According to The Los Angeles Times, Kershaw was displeased that contract discussions were leaked to the media, saying it's now a distraction.
"I think the reason we've been able to continue discussions for this long is that it's not been talked about," Kershaw said. "And now that I'm having to talk about it, it's a distraction because people are talking about it. I guess you'll have to talk to the Dodgers as to why it came out now. I don't love the fact that I have to talk about it."
Kershaw felt he had a gentleman's agreement with the Dodgers to not talk speak about the contract publicly.
"It didn't come from our side," Kershaw said. "I'm going to still hold up my end of the bargain and not talk about it."
The question now is does this hurt the Dodgers' future? Could it possibly lead Kershaw to hold off talks until the offseason and possibly until he's a free agent?
Kershaw may have had his feelings hurt just a little because someone leaked this to the media, but it's not like contract extension talks were a secret.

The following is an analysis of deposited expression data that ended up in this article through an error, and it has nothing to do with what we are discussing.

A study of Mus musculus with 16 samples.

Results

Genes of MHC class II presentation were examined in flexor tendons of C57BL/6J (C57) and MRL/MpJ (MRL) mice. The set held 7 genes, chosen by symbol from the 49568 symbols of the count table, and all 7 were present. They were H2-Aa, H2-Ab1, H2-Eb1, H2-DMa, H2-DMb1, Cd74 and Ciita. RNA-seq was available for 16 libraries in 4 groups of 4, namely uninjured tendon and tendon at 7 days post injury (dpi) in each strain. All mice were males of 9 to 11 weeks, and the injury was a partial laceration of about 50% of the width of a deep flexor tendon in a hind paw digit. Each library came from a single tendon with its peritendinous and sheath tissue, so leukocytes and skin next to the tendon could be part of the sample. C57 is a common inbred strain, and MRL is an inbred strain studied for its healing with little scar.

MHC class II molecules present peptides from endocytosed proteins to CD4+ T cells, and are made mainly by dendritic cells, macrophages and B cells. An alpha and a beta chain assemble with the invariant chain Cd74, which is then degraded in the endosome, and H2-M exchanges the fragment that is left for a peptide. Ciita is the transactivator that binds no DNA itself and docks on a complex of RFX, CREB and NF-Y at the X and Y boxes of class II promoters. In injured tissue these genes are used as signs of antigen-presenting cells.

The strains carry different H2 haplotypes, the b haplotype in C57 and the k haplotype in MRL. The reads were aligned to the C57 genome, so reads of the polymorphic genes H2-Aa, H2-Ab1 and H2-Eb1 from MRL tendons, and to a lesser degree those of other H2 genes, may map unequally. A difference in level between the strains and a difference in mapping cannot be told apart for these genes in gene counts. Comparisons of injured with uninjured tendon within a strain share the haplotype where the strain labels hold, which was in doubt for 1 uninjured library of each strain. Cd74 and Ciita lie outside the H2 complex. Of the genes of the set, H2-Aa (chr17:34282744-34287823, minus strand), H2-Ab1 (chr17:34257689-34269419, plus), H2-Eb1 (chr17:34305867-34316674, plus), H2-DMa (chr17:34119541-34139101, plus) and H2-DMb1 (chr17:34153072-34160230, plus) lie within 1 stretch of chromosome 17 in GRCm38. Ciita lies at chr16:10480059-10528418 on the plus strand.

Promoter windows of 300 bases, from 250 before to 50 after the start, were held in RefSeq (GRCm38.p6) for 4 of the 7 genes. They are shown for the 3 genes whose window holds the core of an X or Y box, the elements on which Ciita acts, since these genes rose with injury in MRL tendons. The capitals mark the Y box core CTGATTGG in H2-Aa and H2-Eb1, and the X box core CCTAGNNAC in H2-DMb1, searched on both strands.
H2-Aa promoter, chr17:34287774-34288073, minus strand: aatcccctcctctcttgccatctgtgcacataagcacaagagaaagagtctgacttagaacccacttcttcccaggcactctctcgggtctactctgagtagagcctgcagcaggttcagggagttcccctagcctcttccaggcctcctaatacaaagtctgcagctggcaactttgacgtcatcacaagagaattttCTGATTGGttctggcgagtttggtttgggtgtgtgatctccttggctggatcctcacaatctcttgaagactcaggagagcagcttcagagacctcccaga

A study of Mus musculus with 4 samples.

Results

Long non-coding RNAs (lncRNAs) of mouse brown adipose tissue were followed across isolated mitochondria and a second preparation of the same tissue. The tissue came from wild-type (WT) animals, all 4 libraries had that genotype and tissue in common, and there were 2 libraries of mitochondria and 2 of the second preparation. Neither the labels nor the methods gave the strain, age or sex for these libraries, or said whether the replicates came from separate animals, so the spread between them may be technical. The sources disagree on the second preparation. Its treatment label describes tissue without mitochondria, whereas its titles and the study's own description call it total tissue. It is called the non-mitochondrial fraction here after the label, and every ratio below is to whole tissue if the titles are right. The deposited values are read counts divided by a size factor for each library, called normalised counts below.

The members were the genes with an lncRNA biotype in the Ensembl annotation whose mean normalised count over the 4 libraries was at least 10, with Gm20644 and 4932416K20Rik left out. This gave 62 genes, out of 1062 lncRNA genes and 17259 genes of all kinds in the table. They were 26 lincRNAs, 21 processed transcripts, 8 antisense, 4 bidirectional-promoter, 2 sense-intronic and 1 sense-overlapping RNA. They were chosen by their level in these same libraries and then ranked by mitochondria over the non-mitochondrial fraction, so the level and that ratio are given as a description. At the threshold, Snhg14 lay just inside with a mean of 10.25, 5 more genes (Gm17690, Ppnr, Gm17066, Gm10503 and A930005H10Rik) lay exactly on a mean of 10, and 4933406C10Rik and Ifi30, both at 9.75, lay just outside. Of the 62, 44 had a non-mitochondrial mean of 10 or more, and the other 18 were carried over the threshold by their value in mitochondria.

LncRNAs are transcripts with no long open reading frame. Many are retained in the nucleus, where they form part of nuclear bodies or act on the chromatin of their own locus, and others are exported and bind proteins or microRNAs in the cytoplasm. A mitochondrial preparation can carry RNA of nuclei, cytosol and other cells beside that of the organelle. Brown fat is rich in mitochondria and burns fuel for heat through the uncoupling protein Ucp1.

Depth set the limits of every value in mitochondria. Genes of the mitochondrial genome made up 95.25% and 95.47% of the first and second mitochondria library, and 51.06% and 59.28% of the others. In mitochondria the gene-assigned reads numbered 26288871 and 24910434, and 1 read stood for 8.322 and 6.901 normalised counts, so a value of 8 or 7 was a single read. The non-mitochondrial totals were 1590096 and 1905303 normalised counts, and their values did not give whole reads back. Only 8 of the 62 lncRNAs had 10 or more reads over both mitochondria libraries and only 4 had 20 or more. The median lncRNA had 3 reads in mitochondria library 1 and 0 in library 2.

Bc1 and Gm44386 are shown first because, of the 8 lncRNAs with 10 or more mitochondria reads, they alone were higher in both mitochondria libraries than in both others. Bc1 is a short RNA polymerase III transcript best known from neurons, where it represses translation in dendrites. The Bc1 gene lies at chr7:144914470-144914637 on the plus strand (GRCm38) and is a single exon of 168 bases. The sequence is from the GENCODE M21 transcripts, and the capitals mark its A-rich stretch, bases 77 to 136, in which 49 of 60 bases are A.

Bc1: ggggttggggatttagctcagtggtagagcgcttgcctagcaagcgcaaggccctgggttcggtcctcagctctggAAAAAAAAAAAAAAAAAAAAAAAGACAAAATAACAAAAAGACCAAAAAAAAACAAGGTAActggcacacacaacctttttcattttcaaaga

Multiple media outlets, including Bleacher Report, have long considered Kershaw and the Dodgers to be working on an extension. Most have tried to guess how much he'll make.
The fact that they're making progress shouldn't hurt Kershaw's feelings. The fact that it leaked shouldn't, either. In today's social-media world, that kind of stuff happens.
It's hard for anything to be done in secret. Just look at the country's political scene from the IRS scandal to the Edward Snowden situation. Even when sworn to secrecy at the highest levels of government, stuff still gets leaked.
So, what would make Kershaw think progress on contract talks wouldn't be leaked?
Welcome to the good ole USA.
He's Going to Get Paid
No matter what happens, Kershaw is going to get paid.
Being that he's just 25, he's likely going to become the highest-paid pitcher in baseball.
Justin Verlander's contract extension that could pay him $202 million over seven years would just be a starting point for the Dodgers (or any team if Kershaw goes to free agency).
Verlander's highest-paid years are from 2015 to 2019, in which he'll make $28 million a season.
As far as Kershaw, he'll likely be the first pitcher to reach $30 million in a year. His total contract will likely exceed $210-215 million.
And there aren't too many teams that can afford that. In fact, outside of the Dodgers, I don't see anyone paying that kind of money.
The Dodgers are currently the only team that can afford to open their checkbook and pay multiple players absurd amounts of money.
This is just a small hiccup and both parties will get past it.
Kershaw wants to stay with the Dodgers over the course of his career, and the Dodgers want to keep him in town.